When Liz and I began dating, I didn’t own plates. Or a bowl, or a fork, or any other utensils or kitchen paraphernalia and I had never—not once, ever—purchased any groceries to place in the kitchen of the home that I—at the time—had been living in for just over six months.
The home was a two-story, four bed/two bath in East Stockton, one room of which I was renting for $400/month, the other three rooms occupied by other renters, none of whom I ever actually met or ever had a conversation with but that I would occasionally catch glimpses of as they darted in and out of their rooms. Each room served as a sort of mini-apartment, with its own lock and key, and my mini-(mini-mini-) apartment had everything I needed at the time: twin bed, closet, bookcase, desk, lamp, a computer and a waste basket and a jug of water and that’s it. Well, and a bottle of cheap vodka in the closet.
The kitchen of this house was a common area, but—because I owned no groceries and no implements with which to cook or eat those groceries—one which I never used or for that matter ever entered, eating every meal (and I mean every meal) at either Jimboy’s Tacos, Jack in the Box, Long John Silver’s, or Panda Express, the last of these—to my mind, at the time—being the healthy choice, because it’s mostly rice and vegetables and stuff, followed in second place by Long John Silver’s, because even though it’s mostly batter that I’ve drenched in malt vinegar, Hey, it’s fish!
But though LJS’s and PE were common stops, my caloric intake was handily dominated—and had been for about the previous decade-and-a-half—by tacos and cheeseburgers, both of which I always order meat and cheese only.
I’ve never been a healthy eater; I gave up vegetables while still in the single digits and my oddly adept metabolism growing up had allowed me to eat as much as I wanted (and then it abandoned me completely eight years ago). These behaviors were compounded when as a teenager I began competing in high school rodeo, and later college, amateur and professional rodeo, all of which required frequent travel, which in turn caused one to frequently frequent food wagons and fast food chains. And gas stations. I ate a lot of meals purchased at gas stations. Some gas stations would have “hot food” usually consisting of chicken strips, potato wedges, and chimichangas, but some didn’t, and my favorite “meal” from those that didn’t was something called The Big Italian, which was just what it claimed to be: a foot long Italian (ham, salami, pepperoni), prepackaged and distributed to gas station food marts nationwide, each one identical—the red hue of the aforementioned meats having shifted to more of a grey, a single jalapeno pepper mashed against the top slice of bread, an addition I generally discarded but the flavor of which, having permeated the sandwich, as through osmosis, over the course of The Big Italian’s travels, I much appreciated. It was this consistency of The Big Italian that made it a favorite; I could always count on finding one, and for better or worse, I could always count on it tasting exactly the same.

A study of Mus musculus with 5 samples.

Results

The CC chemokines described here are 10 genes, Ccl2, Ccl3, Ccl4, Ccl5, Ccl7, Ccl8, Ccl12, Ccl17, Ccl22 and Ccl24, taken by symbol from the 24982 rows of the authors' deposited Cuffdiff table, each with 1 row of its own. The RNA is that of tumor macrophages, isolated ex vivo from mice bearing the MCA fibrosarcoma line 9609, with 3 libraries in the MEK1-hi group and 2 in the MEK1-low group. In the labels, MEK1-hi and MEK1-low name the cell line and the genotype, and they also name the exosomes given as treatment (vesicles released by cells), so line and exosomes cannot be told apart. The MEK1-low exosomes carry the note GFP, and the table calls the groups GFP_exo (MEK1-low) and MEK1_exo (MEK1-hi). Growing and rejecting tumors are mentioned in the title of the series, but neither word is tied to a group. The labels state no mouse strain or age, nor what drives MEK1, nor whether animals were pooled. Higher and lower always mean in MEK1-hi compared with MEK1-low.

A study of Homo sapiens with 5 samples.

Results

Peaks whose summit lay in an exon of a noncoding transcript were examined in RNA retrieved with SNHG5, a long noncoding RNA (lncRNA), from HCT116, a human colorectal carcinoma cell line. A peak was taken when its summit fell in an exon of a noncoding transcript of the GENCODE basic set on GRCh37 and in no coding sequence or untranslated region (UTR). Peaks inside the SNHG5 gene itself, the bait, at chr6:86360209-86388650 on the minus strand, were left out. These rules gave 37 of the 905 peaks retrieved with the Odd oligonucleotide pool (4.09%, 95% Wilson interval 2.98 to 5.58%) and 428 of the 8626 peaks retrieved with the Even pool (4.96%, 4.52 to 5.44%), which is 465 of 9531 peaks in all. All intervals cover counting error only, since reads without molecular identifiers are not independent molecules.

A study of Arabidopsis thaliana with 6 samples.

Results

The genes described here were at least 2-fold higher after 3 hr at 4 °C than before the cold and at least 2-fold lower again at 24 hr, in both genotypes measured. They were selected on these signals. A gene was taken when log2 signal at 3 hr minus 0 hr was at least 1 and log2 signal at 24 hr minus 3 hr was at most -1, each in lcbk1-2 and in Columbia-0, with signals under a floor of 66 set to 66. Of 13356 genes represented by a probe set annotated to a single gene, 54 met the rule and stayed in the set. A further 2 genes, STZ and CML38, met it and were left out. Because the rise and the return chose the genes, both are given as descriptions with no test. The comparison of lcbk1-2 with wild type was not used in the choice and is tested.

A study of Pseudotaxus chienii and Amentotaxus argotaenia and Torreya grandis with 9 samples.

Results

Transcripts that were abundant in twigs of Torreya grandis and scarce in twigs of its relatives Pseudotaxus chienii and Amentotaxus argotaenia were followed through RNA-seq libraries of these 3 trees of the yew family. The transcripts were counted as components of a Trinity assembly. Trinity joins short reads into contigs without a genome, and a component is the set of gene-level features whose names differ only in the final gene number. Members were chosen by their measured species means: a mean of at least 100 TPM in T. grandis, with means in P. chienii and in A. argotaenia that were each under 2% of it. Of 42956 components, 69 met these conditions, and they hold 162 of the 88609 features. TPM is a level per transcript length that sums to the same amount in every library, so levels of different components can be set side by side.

In college I was so broke that I often ate three meals a day at the same Carl’s Jr.: either one Spicy Chicken sandwich or two Spicy Chicken sandwiches (99 cents each) and a glass of water (FREE!, unless you count as a cost the shame of having an employee hover about you making sure you don’t fill the little cup with soda).
And so it was when Liz and I got together: we spent one of our first dates—her shock at learning of my eating practices having had time to subside—at the grocery store, where we purchased, along with groceries of course, two bowls, two forks, two spoons, and a pot, returning to my until-then-neglected kitchen where Liz prepared for us a meal of pesto and fruit salad, a meal that I will never forget as it not only kicked off the most memorable—in a good way—summer of my life, filled with many more such meals, and not only merged me onto a path that is probably longer than the one I was on, but perhaps—though I had been employed in the adult world for several years and for the same amount of time had pretended to be one—finally introduced me to and entered me into adulthood.